Trump has been touting 3.1 percent economic growth in 2018. But officially, the Commerce Department said Thursday, the economy grew 2.9 percent last year.
There are two main ways to calculate GDP growth. The White House method is to calculate the change from the fourth quarter of 2017 to the fourth quarter of 2018, which is preferred by many economists, including the Federal Reserve. The Commerce Department reported Friday that measure of growth was revised down to 3 percent.
The official government GDP statistic, however, is calculated by comparing how many goods and services were produced in 2017 ($18.6 trillion) with 2017 output ($18.1 trillion). That change is 2.9 percent.
The two measures are typically quite close, and few people beyond data nerds notice the difference. But this report came under more scrutiny because Trump promised 3 percent growth every year for the next decade. Americans are rightly asking: Did he achieve his goal?
By the official government statistic, Trump did not. But most economists are willing to say he did because they think it is valid to look at the 3 percent calculation.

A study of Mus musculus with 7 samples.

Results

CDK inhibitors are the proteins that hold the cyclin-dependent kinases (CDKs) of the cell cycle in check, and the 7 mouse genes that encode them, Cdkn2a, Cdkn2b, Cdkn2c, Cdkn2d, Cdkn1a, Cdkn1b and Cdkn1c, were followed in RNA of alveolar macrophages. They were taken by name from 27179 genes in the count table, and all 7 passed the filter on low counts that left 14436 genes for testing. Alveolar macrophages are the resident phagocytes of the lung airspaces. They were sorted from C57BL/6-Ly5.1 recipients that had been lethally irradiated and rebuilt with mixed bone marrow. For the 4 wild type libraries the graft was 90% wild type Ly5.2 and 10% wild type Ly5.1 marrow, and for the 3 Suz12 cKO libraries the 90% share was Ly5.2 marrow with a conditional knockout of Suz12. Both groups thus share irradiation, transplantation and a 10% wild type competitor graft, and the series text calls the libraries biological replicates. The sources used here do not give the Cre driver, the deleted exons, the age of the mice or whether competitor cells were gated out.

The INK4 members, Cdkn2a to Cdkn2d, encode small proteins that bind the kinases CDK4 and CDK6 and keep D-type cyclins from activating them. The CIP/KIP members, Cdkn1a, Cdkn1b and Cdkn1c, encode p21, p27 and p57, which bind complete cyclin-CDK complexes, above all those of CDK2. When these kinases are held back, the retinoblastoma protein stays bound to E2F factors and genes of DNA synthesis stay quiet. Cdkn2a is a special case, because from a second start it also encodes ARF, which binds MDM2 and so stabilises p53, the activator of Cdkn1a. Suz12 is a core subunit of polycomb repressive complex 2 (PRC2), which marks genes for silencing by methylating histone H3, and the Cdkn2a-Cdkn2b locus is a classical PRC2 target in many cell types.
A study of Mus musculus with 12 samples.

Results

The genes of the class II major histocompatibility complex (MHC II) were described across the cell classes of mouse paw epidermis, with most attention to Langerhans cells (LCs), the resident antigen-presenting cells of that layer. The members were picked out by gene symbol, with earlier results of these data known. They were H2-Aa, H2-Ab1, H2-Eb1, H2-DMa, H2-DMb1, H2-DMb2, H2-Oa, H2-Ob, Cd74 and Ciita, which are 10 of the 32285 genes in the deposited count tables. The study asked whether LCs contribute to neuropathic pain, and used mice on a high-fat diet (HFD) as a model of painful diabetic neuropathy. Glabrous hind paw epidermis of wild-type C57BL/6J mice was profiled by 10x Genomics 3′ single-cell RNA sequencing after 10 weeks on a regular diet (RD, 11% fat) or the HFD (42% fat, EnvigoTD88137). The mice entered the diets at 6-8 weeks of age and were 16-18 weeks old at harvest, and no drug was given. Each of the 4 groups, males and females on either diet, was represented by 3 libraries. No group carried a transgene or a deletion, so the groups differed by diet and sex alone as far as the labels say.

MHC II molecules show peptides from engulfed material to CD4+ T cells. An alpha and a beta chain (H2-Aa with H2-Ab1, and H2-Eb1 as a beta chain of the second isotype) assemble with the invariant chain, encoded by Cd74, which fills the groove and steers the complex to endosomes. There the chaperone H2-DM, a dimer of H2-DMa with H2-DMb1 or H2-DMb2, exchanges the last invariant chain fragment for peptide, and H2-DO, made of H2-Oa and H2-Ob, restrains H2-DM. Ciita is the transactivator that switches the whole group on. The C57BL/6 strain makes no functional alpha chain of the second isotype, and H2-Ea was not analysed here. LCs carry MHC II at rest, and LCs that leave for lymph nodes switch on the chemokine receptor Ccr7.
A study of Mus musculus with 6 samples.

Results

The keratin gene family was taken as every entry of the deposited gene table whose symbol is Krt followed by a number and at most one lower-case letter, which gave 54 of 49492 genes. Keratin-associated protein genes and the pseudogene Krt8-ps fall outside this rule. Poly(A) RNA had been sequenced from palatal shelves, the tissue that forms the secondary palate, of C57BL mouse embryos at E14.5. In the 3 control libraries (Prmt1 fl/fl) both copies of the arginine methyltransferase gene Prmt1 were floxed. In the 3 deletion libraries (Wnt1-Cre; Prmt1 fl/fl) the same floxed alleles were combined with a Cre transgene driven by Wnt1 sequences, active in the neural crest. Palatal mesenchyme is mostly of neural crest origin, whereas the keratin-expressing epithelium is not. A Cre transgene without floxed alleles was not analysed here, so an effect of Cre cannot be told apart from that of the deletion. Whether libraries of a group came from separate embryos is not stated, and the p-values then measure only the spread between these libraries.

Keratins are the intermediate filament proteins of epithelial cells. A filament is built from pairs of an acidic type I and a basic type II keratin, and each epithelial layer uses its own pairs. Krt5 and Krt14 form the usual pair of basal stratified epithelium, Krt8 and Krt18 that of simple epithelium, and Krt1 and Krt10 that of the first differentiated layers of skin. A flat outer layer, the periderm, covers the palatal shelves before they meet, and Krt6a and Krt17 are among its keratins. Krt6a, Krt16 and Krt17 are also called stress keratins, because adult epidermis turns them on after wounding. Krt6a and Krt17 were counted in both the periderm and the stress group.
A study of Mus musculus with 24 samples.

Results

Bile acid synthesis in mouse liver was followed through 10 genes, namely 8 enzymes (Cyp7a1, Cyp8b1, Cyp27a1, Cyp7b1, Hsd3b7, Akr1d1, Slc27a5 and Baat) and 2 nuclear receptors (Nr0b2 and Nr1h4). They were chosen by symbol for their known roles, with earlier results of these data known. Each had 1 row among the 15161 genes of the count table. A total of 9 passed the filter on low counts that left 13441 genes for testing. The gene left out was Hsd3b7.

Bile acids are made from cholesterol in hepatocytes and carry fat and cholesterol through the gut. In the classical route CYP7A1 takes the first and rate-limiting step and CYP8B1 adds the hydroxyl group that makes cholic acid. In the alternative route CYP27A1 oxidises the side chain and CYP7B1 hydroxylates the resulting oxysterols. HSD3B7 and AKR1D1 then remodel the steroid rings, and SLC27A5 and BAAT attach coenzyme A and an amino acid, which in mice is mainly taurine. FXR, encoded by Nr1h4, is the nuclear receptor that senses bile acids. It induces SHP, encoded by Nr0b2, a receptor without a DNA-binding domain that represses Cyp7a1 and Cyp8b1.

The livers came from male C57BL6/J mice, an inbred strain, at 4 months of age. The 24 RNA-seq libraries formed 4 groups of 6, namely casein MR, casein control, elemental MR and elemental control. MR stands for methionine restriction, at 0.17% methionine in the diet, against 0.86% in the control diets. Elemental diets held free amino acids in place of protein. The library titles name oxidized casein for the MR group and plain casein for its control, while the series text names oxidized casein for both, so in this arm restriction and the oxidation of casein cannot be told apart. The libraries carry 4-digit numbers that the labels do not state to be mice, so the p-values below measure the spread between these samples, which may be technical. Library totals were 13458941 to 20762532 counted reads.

What is perhaps more important is putting growth in historical context. The 2.9 percent measure is the best since 2015, a robust but not unprecedented rate during this recovery.
Trump has been pointing to the 3 percent measure as the “best in 14 years.” He says that because it is the best fourth quarter to fourth quarter change during that time frame, but growth also hit 3 percent (or better) several times under President Obama, including during the first quarter of 2015, when it grew 3.8 percent.
Economists are not focused on this political debate. The main takeaway for most experts is that growth is showing clear signs of slowing. The economy grew 4.2 percent in the second quarter of 2018, 3.4 percent in the third quarter and a 2.2 percent in the final quarter.
Both consumers and businesses cooled in the final quarter of the year and that trend is expected to continue in early 2019.
The White House is predicting 3.2 percent growth this year, but most independent forecasters expect it to fall within the 2 to 2.5 percent range. The first quarter is expected to be particularly sluggish because of bad weather in parts of the country and the partial government shutdown.
“In 2018, momentum accelerated. In 2019, we will see momentum decelerating. The inflection point was really the fourth quarter last year,” said Gregory Daco, U.S. economist at Oxford Economics. “This does not mean we’re headed for a recession. It just means growth will slow to about 2 percent this year and next.”